British Prime Minister Boris Johnson is clinging to the hope that the investigation into his involvement in several “parties” he allegedly attended during the pandemic will favor his political future before deciding on his possible resignation.
Expectations are growing as senior civil servant Sue Gray examines the facts and allegations that Johnson broke restrictions on Britons, including a ban on them saying goodbye to dying relatives, according to AP on Jan. 17.
Moreover, amid national mourning decreed for the death of Prince Philip, officials reportedly gathered overnight at government headquarters for “bring your own booze” and “wine time Fridays” parties.
“The allegations have spawned public anger, incredulity and mockery, and prompted some in the governing Conservative Party to call for Johnson’s resignation,” reports author Jill Lawless, referring to the 2020 and 2021 meetings.
Johnson himself denied the facts, stating, “No. Nobody told me that what we were doing was, as you say, against the rules … I thought that I was attending a work event,” when questioned in the face of repeated accusations from his opponents, according to Reuters.
In this same sense, Johnson avoided answering whether he would resign from his position because of the scandal and only alluded to the results of the investigation being carried out by Gray.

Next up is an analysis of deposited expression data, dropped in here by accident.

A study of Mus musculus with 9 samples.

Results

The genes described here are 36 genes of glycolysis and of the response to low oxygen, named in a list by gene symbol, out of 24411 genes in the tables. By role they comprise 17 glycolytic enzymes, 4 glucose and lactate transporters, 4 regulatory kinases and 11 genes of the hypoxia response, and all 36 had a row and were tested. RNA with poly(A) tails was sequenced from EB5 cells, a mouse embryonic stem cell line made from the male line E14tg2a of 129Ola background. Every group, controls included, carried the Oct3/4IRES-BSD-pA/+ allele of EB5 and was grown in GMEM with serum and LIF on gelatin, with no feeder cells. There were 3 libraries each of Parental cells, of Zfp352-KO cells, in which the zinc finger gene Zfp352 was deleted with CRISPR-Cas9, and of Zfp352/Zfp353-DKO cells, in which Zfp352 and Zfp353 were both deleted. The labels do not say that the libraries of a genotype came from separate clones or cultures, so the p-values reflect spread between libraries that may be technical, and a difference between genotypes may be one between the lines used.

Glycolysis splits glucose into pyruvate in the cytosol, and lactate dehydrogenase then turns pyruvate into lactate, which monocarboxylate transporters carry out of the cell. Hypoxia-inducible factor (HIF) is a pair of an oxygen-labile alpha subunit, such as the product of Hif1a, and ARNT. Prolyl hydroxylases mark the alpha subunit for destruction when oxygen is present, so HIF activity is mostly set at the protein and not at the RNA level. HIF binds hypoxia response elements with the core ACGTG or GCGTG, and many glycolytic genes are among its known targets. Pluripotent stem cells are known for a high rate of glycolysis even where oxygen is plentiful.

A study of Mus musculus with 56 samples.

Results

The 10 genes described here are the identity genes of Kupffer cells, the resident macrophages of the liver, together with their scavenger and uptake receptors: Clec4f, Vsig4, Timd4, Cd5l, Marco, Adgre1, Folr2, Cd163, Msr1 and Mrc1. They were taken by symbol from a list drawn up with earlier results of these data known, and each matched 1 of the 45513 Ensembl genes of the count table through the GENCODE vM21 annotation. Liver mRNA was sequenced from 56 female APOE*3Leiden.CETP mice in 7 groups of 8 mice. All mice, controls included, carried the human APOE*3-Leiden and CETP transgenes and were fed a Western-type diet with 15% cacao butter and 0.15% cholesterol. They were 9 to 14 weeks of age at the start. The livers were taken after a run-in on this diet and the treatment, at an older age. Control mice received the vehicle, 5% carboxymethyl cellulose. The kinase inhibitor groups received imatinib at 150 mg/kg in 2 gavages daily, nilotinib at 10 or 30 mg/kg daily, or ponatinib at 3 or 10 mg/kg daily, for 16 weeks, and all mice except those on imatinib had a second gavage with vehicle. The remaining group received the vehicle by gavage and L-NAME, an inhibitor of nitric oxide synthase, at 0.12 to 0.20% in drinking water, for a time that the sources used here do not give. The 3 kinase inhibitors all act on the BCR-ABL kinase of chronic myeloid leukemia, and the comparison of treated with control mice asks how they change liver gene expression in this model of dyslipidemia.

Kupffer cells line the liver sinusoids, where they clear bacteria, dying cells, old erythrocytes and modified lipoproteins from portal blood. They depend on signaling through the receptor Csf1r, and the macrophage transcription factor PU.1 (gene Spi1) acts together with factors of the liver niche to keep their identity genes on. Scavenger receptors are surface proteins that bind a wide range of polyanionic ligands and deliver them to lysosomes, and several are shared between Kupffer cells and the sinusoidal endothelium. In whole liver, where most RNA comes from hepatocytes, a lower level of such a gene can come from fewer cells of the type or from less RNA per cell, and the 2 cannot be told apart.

On this sensitive issue, the Institute’s program director for government, Alex Thomas, said, “The Gray report is an important part of finding out what happened. But in the end this is a judgment for Conservative Cabinet ministers and MPs about whether they want Boris Johnson to lead their party and therefore lead the country.”
However, the opposition Labor Party deputy leader, Angela Rayner, was more trenchant, saying, “If he had any respect for the British public, he would do the decent thing and resign.”
She added: “He’s the prime minister, he set the rules, he didn’t need anyone to tell him that the party he attended broke them.”
The impact of any findings Gray may present could be of little consequence, given that they would only go back to making recommendations to the prime minister, which creates some uncertainty.
“Here it’s the prime minister who is being investigated, making Johnson the arbiter of his own punishment,” notes Lawless.
One possible consequence could involve the prime minister firing some senior officials and aides to protect himself by implementing the plan known as “Operation Save the Big Dog,” should Gray’s report not be so favorable.
For his part, Johnson’s former senior adviser Dominic Cummings denounced Johnson, saying, “The events of 20 May alone, never mind the string of other events, mean the PM lied to parliament about parties.”
The scandal involving several “parties” has sent Johnson’s approval ratings plummeting, dragging the Conservative Party down with him. Also, more and more Conservative lawmakers are urging him to resign.